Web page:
Political Strategy for a Permanent Democratic Majority

Burned Up

Today’s Washington Post provides a little clarity in the over-reported but under-analyzed story of where the various presidential candidates stand in the money-grubbing competition. In particular, there’s a chart that summarzes second-quarter and total fundraising; second-quarter spending; cash-on-hand as of June 30; and the second-quarter “burn rate” (the ratio of spending to new money), for all D and R candidates.
The top-line story for the Post is that early spending–and thus the burn rate–is proceeding at a uniquely high pace this cycle, and particularly in the second quarter. Interestingly enough, Barack Obama, whose first-quarter 26% burn rate was the highest among Democrats, had the lowest in the second quarter–but it was 50%.
It’s also obvious that different candidates are getting highly variable bangs for their buck. The second-quarter spending champ, Mitt Romney ($20.5 million), has invested in early-state television ads that have clearly helped catapult him into the lead in Iowa and New Hampshire. John McCain spent more ($13 million) in the second quarter than any other Republican besides Romney, and more than Hillary Clinton, for that matter, and all he got for it was an imploding candidacy.
The cross-party comparisons continue to show the Democratic money edge. There’s already been a lot of talk about the (roughly) two-to-one overall Democratic fundraising advantage for the second quarter. But Democrats have nearly a three-to-one advantage ($93 million to $32 million) in cash-on-hand. John Edwards, often depicted as a fundraising under-achiever in this cycle’s environment, actually has as much money in the bank ($12 million) as Mitt Romney, even after the latter’s $9 million “loan” of personal wealth to his campaign.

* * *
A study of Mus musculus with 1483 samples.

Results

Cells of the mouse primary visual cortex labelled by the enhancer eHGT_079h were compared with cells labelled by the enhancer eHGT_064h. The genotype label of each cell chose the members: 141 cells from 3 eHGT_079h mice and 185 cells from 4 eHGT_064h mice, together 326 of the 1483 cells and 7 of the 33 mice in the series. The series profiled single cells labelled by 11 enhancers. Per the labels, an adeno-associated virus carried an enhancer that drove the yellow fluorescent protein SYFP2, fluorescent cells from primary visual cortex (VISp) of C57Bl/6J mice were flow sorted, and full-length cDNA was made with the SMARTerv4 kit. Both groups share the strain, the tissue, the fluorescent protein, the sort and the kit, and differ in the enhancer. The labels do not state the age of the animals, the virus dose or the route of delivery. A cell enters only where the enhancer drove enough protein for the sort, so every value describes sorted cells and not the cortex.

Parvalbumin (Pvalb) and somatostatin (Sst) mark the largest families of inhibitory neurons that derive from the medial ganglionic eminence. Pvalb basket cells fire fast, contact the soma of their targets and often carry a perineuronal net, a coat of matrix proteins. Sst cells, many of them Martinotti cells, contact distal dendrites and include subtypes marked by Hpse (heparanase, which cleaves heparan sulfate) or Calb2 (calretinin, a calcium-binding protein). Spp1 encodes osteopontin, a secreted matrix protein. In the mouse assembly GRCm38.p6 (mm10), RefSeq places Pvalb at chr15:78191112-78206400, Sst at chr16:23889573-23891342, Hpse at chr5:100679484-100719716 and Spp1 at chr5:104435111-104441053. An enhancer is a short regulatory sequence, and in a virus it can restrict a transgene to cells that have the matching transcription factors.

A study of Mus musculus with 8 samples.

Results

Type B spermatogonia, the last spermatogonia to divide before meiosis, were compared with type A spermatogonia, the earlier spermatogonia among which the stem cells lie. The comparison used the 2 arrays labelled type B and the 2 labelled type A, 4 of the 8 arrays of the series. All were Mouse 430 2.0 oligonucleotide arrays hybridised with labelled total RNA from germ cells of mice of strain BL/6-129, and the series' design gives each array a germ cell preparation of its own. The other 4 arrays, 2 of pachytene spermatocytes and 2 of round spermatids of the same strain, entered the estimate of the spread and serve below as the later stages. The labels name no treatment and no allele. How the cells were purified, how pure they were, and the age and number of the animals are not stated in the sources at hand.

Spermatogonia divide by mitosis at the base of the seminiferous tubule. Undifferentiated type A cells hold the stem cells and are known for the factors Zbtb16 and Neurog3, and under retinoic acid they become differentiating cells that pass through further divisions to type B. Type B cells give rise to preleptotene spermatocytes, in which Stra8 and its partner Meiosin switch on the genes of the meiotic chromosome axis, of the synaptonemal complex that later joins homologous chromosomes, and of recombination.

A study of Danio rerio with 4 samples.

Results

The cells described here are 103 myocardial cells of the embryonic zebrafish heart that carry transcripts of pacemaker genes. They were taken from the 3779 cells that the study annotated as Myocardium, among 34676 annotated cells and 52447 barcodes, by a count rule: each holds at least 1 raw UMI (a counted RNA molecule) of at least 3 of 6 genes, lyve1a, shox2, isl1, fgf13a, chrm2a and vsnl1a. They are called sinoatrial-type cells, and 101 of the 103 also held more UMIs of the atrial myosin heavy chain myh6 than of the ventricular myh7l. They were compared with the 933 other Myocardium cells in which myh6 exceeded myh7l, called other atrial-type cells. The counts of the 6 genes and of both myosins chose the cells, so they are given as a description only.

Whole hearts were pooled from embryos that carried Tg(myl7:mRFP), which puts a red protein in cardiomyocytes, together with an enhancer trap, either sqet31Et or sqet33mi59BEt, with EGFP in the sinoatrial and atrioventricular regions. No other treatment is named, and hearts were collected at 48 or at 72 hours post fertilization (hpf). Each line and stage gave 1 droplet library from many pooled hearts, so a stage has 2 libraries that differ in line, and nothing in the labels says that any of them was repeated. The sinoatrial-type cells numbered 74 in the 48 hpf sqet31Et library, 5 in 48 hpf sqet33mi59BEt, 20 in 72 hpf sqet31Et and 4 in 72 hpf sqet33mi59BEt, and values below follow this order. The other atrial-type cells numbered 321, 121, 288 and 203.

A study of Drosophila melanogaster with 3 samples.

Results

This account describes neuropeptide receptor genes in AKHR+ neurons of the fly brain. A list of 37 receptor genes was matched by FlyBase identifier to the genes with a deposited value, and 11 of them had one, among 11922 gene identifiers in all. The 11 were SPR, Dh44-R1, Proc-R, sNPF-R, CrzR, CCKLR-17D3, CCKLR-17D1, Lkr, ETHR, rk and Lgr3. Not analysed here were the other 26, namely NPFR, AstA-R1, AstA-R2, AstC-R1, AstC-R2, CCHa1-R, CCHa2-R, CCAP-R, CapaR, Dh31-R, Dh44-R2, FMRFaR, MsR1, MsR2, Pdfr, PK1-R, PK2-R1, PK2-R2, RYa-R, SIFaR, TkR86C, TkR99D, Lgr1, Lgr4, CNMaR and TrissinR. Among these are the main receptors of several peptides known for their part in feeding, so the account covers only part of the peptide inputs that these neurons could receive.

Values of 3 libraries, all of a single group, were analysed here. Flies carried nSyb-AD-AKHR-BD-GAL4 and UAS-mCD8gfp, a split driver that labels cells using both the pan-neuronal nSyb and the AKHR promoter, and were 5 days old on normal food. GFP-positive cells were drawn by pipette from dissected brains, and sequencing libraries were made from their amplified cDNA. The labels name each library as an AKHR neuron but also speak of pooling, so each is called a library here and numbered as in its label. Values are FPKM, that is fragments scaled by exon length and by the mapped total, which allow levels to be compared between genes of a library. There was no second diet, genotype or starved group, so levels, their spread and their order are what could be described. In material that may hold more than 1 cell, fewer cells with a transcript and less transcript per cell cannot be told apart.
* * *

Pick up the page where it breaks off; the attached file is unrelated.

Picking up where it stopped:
Edwards’ situation raises the larger question of whether money requirements in this campaign are comparative or absolute. Edwards’ campaign consistently answers all questions about its finances by saying it needs to raise and spend $40 million before the Iowa caucuses, regardless of what others have. One of the odder features of the Post article is an assertion by lowa political bigfoot Gerald Crawford (whom the Post failed to identify as an HRC backer) that $30 million is “an absolute floor” for pre-Iowa fundraising. This probably didn’t endear him to Chris Dodd’s campaign, which is saying its total budget is $20-25 million.
As for Republicans, the two candidates hoping to earn media designation as “the dark horse to watch,” Sam Brownback and Mike Huckabee, have, respectively, $500,000 and $400,000 on hand going into the very expensive Iowa Republican Straw Poll in August. In terms of the insanely high financial demands of this cycle, that’s enough to buy a meal deal, but not enough to supersize it.